EDITORIAL

Mobilities

Chris Healy1, Katrina Schlunke2

1 School of Culture and Communication, University of Melbourne, Parkville VIC 3010, Australia

2 Department of Gender and Cultural Studies, School of Philopsophical and History Inquiry, University of Sydney NSW 2006, Australia

Cultural Studies Review, Vol. 23, No. 1, March 2017

© 2017 by the author(s). This is an Open Access article distributed under the terms of the Creative Commons Attribution 4.0 International (CC BY 4.0) License (https://creativecommons.org/licenses/by/4.0/), allowing third parties to copy and redistribute the material in any medium or format and to remix, transform, and build upon the material for any purpose, even commercially, provided the original work is properly cited and states its license.

Citation: Healy, C. & Schlunke, K. 2017. Mobilities. Cultural Studies Review, 23:01, 01-02. http://dx.doi.org/10.5130/csr.v23i1.5493

ISSN 1837-8692 | Published by UTS ePRESS | http://csrj.epress.lib.uts.edu.au

Corresponding author: Chris Healy, School of Culture and Communication, University of Melbourne, Parkville VIC 3010, Australia. clhealy@unimelb.edu.au

DOI: http://dx.doi.org/10.5130/csr.v23i1.5493

Article History: Received 15/03/2017; Revised 20/03/2017; Accepted 30/03/2017; Published 15/05/2017

This issue of Cultural Studies Review features a number of outstanding essays and a special section concerned with ‘Media, Mobilities and Identity in East and Southeast Asia’. Ben Highmore’s essay is a future directed and poetic evocation of a more peripatetic cultural studies. Although he re-stages the serendipity of wandering, Highmore also wants to return to familiar places. The ‘Birmingham’ of this piece is one that he hopes is foreign and unfinished. It’s a compelling exploration because it addresses a need to locate collective resources that might help build emotional and practical bulwarks against instrumentality. It’s also an essay arising from an engagement with everydayness which hopes to explore how that particularity might connect with other imaginaries and open up forms of generality and connection. In this sense, the resonance of peripatetic calls up the non-institutionalised meanderings of activists, non-human actants and the precariat that also enliven cultural studies.

The research that underpins Jessica Kean’s article began from a focus on the ‘practices, politics and philosophies’ of non-monogamy. Here she seeks to supplement that initial interest by turning her attention to what Eve Kosofsky Sedgwick describes as the ‘texture’; the materialised encounters with particular worlds and the stories we tell, of being in the world. In this light, non-monogamous relationships seem less about the absence of monogamy or challenges to the normative structures of monogamy or even movement between an ensemble of people, but rather a broader and richer palate of everyday experience that’s fractured and unified in surprising ways. Her emphasis on texture rather than the more-than-single, or perhaps the ‘more-than-single’ as one part of non-monogamy provides a far more materialising and emplacing idea of non-monogamy.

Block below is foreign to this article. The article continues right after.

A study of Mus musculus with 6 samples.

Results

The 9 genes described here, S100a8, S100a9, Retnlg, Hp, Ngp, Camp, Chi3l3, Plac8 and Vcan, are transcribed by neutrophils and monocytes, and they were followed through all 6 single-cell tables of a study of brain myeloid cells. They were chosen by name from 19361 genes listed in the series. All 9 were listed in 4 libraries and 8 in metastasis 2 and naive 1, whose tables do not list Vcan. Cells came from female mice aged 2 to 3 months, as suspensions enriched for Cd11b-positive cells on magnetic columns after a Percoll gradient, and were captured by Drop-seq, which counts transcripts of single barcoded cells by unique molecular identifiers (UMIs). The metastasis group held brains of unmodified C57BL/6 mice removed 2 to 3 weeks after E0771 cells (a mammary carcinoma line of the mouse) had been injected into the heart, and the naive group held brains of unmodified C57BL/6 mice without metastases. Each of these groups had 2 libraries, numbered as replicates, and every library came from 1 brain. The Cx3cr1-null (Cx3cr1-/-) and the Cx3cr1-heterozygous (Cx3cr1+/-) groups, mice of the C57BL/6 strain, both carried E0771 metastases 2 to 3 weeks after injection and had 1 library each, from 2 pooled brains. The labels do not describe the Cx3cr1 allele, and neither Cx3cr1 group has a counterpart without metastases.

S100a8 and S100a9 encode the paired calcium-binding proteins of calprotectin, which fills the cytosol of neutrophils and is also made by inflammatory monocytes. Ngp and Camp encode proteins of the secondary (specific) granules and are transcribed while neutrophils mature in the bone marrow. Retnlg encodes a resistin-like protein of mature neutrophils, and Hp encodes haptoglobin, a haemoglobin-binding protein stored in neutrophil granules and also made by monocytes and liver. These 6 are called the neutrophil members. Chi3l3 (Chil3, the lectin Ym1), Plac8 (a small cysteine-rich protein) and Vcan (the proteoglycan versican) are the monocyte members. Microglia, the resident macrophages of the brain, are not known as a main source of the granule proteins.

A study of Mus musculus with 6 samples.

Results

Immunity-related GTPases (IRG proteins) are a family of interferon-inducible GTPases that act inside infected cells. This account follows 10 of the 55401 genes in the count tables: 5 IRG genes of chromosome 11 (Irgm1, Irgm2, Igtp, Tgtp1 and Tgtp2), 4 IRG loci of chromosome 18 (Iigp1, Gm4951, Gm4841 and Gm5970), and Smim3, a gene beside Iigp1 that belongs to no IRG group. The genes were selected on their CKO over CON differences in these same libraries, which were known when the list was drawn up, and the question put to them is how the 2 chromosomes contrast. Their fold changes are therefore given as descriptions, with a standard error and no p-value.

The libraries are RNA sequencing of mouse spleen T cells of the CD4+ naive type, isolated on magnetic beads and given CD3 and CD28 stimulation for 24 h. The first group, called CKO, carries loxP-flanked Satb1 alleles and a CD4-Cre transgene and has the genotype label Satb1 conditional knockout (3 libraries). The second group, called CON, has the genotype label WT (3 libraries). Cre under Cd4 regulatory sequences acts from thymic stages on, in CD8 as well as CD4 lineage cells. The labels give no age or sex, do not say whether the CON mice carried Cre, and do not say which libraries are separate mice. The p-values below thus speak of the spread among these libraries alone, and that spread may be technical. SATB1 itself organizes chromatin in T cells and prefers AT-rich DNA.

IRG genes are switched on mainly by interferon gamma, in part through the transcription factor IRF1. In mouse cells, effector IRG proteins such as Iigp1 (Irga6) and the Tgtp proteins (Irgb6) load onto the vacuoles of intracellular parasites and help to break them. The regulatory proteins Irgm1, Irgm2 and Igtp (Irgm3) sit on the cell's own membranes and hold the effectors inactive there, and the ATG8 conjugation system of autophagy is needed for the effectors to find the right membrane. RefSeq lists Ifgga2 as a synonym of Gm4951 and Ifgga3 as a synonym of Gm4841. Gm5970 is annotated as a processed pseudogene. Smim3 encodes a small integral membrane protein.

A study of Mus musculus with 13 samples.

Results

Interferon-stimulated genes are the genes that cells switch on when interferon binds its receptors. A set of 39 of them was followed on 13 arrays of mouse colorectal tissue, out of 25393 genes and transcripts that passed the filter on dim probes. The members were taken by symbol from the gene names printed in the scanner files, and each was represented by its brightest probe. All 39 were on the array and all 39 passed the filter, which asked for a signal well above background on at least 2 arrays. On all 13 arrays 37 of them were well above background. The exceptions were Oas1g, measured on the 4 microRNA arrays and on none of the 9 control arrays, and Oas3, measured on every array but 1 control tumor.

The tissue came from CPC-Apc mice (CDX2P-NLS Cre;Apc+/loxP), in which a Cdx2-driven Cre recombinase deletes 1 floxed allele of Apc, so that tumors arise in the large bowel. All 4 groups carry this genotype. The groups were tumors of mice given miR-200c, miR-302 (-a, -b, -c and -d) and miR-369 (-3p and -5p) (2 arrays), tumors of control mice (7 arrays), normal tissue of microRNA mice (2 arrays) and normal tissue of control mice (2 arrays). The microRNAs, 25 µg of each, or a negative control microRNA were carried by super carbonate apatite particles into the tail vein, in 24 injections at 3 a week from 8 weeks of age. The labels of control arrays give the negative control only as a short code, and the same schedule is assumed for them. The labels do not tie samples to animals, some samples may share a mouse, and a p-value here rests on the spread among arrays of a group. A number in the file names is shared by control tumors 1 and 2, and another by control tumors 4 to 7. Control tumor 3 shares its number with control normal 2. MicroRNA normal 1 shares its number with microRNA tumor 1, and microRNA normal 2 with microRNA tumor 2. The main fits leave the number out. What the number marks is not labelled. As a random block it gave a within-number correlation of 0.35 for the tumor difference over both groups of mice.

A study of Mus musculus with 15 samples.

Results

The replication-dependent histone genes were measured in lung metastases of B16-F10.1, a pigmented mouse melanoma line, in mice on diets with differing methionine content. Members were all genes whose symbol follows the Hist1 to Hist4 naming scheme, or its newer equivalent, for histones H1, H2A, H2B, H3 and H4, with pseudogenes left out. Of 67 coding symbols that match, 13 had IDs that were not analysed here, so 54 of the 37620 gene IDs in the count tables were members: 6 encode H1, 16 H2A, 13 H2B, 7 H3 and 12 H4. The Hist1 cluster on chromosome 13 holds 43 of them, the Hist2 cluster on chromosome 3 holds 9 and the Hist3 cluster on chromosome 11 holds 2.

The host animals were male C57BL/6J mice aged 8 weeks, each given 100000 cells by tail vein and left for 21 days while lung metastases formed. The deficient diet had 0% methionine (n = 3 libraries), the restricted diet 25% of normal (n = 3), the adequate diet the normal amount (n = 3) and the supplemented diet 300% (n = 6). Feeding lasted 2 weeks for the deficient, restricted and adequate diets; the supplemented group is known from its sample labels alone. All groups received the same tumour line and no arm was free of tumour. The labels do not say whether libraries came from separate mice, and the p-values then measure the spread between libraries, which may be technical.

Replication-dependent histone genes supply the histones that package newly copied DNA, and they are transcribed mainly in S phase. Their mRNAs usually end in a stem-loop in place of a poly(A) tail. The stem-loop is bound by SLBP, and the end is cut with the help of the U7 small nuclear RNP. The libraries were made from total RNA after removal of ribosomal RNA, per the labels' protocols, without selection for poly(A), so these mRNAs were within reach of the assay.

Elspeth Probyn’s essay, ‘How to Represent a Fish?’ is, in her own words, a ‘thought experiment’. For some readers, this will seem like a classical essay in cultural studies that pluralises and relativises fish, foregrounds questions of epistemology and representation, explores the more-than-human and ponders various conceptualisations of specific fish-in-ecologies. While those concerns are addressed in the piece, there is also a constant and understandably urgent interest in sustainability. It seems to us that the implicit and challenging question posed by the article is this: if the cultural imaginary of the ocean as a clean and free space offering unlimited opportunities for pleasurable and profitable exploitation is instead a domain under severe threat from the despoliation of both extraction and pollution, how can cultural studies produce new and specific knowledges and ways of working with other disciplines that might make a difference?

With a special section on media and mobilities, it’s hard to resist the temptation to offer editorial remarks on Trump and Brexit as what, in Anglophone media, appear like the two most immediate and politically relevant cultural manifestations of such issues. But the essays that are ably introduced by Dan Edwards, Louis Ho and Seokhun Choi make a strong case for thinking about East and Southeast Asia as offering insights on longer term questions of mobility and cultures.

As always there’s also a fine set of reviews here. We invite you to share Sue Kneebone’s nuanced appreciation of the Wanarn painters and consider the many histories of suicide alongside Rob Cover. Åse Ottosson makes us consider the ways in which Aboriginal voice is creating unique forms of relatedness while T.E. Woronov explores the new order of political consciousness emerging from ‘subaltern China’ and Jennifer Mae Hamilton re-examines the claim to make ‘kin’ rather than babies in a multi-species time.

Enjoy!

DECLARATION OF CONFLICTING INTEREST The author(s) declared no potential conflicts of interest with respect to the research, authorship, and/or publication of this article. FUNDING The author(s) received no financial support for the research, authorship, and/or publication of this article.